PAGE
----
Dream Cabin

Gratitude Cabin

Peace Within Cabin

Sweet Serenity Cabin

Chapel Lodge

Historic Log Lodge

Cabin Rentals – About The Area

Every year many fishermen come to Soldotna, Alaska to fish the Kenai River.  The Peninsula is an excellent place for fishing and to vacation with an abundance of cabins for rent, and other Kenai lodging accommodations.  “A Cabin by the Pond” also know as “Moose Munch Cabins”, is situated directly across the street from the Kenai River and has five cabin rentals plus an authentic Alaska Log Lodge and a Chapel Lodge which we also rent.  It is not a bed and breakfast but offers a very scenic setting complete with an artesian water pond. We are located one mile from Soldotna and a ½ mile walk to a no-fee, public fishing area on the Kenai River. Homer, Alaska is only 80 miles from “A Cabin by the Pond”.  It is known as the halibut fishing capital of the world. Seward, Alaska is 95 miles the other direction. If you are looking for Soldotna Lodging or lodging in the Kenai River area, we are very central and would love to have you take a look at us. “A Cabin by the Pond”, is your Soldotna lodging place.

Geography – Around The Cabin Rentals

The peninsula extends approximately 150 miles (240 km) southwest from the Chugach Mountains, south of Anchorage. It is separated from the mainland on the west by Cook Inlet and on the east by Prince William Sound. Gerasim Izmailov was the first to explore and map this area in 1789.

The glacier-covered Kenai Mountains (7,000 ft/2,130 m) run along the southeast spine of the peninsula along the coast of the Gulf of Alaska. Much of the range is within Kenai Fjords National Park. The northwest coast along the Cook Inlet is flatter and marshy, and is dotted with numerous small lakes. Several larger lakes extend through the interior land, including Skilak and Tustumena Lake. Rivers include the Kenai River, famous for its salmon population, as well as the Russian River, the Kasilof River, and the Anchor River. Kachemak Bay, a small inlet off the larger Cook Inlet, extends into this area’s southwest end, much of which is part of Kachemak Bay State Park. This area has many glaciers in its eastern and southern areas. It is home to both the Sargent Icefield and Harding Icefields and numerous glaciers that spawn off them.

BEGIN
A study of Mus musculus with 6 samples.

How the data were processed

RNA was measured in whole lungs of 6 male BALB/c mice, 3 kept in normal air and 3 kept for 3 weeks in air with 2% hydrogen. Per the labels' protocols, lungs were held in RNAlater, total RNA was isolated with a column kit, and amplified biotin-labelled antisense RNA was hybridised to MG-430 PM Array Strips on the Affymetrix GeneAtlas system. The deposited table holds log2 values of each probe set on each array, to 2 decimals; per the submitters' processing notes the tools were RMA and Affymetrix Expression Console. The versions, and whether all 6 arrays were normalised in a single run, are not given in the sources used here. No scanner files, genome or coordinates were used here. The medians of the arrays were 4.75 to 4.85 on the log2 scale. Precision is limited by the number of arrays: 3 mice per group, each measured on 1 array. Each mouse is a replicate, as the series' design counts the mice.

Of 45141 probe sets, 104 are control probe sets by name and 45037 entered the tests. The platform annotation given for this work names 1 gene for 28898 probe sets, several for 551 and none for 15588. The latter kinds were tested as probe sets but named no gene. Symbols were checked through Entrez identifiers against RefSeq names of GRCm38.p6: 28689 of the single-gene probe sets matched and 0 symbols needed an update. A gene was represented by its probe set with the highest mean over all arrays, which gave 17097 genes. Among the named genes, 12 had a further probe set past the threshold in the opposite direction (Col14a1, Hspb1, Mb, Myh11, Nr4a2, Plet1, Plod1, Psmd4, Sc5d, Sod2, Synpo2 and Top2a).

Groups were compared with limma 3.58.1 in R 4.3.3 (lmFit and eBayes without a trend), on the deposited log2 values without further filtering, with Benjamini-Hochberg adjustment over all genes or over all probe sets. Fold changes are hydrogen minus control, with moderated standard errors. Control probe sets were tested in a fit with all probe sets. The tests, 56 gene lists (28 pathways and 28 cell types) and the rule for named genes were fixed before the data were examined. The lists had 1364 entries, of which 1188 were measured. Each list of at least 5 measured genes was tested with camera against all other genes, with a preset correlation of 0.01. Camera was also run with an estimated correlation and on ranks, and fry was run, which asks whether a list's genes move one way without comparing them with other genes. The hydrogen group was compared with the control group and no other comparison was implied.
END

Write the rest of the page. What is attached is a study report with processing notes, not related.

Towns and cities – Around the cabins

This area includes several of the most populous towns in southern Alaska, including Seward on the Gulf of Alaska Coast, Soldotna, Kenai on the Cook Inlet, and Homer, along Kachemak Bay in the south. Across Kachemak Bay from Homer, on the more mountainous and remote end of the area are the villages of Seldovia, Nanwalek, and Port Graham.


Homer famously marks the terminus of the paved highway system of North America and is a popular destination for travelers who have driven to Alaska from the lower 48 states. Seward is the southern terminus of the Alaska Railroad.

Kenai Area Climate

The peninsula has a coastal climate that is relatively mild, with abundant rainfall. It is one of the few areas in Alaska that allows for agriculture, with a growing season adequate for producing hay and several other crops

Natural resources and economy

The peninsula also has natural gas, petroleum, and coal deposits, as well as abundant commercial and personal-use fisheries. Tourism is a major industry, along with outfitting and guiding services for hunters and fishers.